Homelessness is not a new challenge in Anchorage. But never before has solving it had as high a priority among elected officials, the business community, philanthropy and the public. This is a moment when civic leadership, good will and common sense must take precedence over politics. Because whether you are a Republican or a Democrat, conservative or liberal or somewhere between, putting a roof over the head of every Anchorage resident is a priority both to be the humane people that we are and to propel our community toward recovery and vitality. This is too big for us to fail. And we cannot allow politics to stand in our way.
There are many different views and opinions about homelessness. Suffice it to say, there’s a sad story behind every unhoused person. A lost job, a tragic occurrence, a traumatic brain injury, addiction, family trauma, mental illness, and sometimes just plain bad luck.
Similarly, there are many different views and opinions on the various tactics to be deployed to address homelessness. There is no single magic solution and we have long seen here and elsewhere that it is only collaboratively built strategies that make progress.
This is a moment that we can’t let pass without action. In years past, the private sector has borne the responsibility for emergency shelter and transition to housing without direct financial support of the municipality. Anchorage residents indicated their agreement that new resources were needed by passing an alcohol tax with revenues dedicated in part to homelessness services. The Anchorage Assembly has creatively prioritized homelessness in its budget deliberations. The public-private partnership called the Anchorage Coalition to End Homelessness has mapped out a data-driven path to what will effectively be zero homelessness, learning from many other communities and colleagues in other cities, and succeeding at housing more than 120 previously homeless people each month, ahead of goals and projections. The Anchorage Homelessness Leadership Council, a business-oriented community effort, has raised tens of millions of dollars to support data systems, specific interventions, communication to the community and permanent housing solutions.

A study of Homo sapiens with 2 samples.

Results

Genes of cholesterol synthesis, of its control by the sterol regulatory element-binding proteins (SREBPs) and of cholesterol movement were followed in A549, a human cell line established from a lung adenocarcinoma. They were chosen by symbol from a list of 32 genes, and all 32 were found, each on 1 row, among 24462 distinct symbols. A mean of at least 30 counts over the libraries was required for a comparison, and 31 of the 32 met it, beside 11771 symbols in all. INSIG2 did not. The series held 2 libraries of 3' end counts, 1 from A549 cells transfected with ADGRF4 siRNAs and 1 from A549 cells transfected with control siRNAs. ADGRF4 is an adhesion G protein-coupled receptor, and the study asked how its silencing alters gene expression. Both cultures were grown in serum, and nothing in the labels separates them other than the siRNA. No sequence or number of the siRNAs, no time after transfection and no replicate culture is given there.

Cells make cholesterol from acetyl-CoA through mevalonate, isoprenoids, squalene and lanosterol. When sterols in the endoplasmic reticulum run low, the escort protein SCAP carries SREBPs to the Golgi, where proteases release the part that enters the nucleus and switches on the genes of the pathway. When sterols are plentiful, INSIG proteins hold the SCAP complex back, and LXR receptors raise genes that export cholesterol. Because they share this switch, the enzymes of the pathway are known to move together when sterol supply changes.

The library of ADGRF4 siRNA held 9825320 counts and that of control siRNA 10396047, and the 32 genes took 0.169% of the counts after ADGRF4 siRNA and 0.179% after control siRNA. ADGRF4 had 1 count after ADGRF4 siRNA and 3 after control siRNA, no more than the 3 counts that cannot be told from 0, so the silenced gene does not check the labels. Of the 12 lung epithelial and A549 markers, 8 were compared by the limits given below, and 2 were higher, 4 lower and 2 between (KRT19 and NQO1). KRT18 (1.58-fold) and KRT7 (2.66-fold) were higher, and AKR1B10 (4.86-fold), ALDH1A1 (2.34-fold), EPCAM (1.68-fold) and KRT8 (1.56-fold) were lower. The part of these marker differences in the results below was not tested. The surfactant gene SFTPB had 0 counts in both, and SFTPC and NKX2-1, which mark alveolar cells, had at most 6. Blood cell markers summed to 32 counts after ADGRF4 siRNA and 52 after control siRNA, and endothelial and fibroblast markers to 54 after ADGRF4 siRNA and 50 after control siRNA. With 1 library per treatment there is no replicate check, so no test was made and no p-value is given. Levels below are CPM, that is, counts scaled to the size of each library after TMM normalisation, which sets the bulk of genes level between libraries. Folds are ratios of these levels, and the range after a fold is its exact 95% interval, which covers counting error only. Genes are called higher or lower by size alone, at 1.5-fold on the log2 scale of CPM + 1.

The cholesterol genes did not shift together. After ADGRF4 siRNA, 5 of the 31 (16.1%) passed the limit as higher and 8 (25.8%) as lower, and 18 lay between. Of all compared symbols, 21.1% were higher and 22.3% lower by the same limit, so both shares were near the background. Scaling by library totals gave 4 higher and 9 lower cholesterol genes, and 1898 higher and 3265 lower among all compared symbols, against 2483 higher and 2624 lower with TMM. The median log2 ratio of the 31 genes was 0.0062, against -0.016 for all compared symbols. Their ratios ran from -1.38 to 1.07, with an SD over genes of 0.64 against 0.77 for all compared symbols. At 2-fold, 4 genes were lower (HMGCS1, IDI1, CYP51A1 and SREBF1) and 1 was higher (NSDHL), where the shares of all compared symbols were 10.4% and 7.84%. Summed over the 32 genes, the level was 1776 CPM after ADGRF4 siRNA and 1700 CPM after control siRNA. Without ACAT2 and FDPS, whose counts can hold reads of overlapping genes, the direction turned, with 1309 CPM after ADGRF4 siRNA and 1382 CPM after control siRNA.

An anesthesiologist new on the scene, John Morris, representing our new mayor, has put forth a single-site large shelter plan. While that plan was rejected unanimously by a bipartisan Assembly, it should be viewed not as the end of the discussion, but the beginning of a new collaborative process among the administration, Assembly and private sector to make homelessness in Anchorage a rare, brief and one-time event.
We stand ready to work with all parties to develop — together — a path forward that is respectful of the decades of intelligence gathered by those working in the trenches every day at Catholic Social Services, RuralCAP, The Salvation Army, Cook Inlet Tribal Council, Cook Inlet Housing Authority, Covenant House, Southcentral Foundation, Bean’s Cafe and others; addresses the dignity of individuals — whether people experiencing homelessness, business owners or residents; leverages the financial muscle of private philanthropy; and holds players accountable for meeting agreed-upon goals.
This effort will require critical business acumen in determining costs and benefits, transparency in all efforts, and a cohesive plan that not only provides shelter but permanent housing — supported by services as needed.
This is not an impossible dream. It is an essential undertaking and must be successful. This is our moment to act. What is needed is a commitment to success, an agreement to put politics aside, and a recognition that everyone wins when we solve homelessness.
Diane Kaplan is president and CEO of Rasmuson Foundation.
Sophie Minich is president and CEO of Cook Inlet Region, Inc.
Dean Weidner is chairman and founder of Weidner Apartment Homes.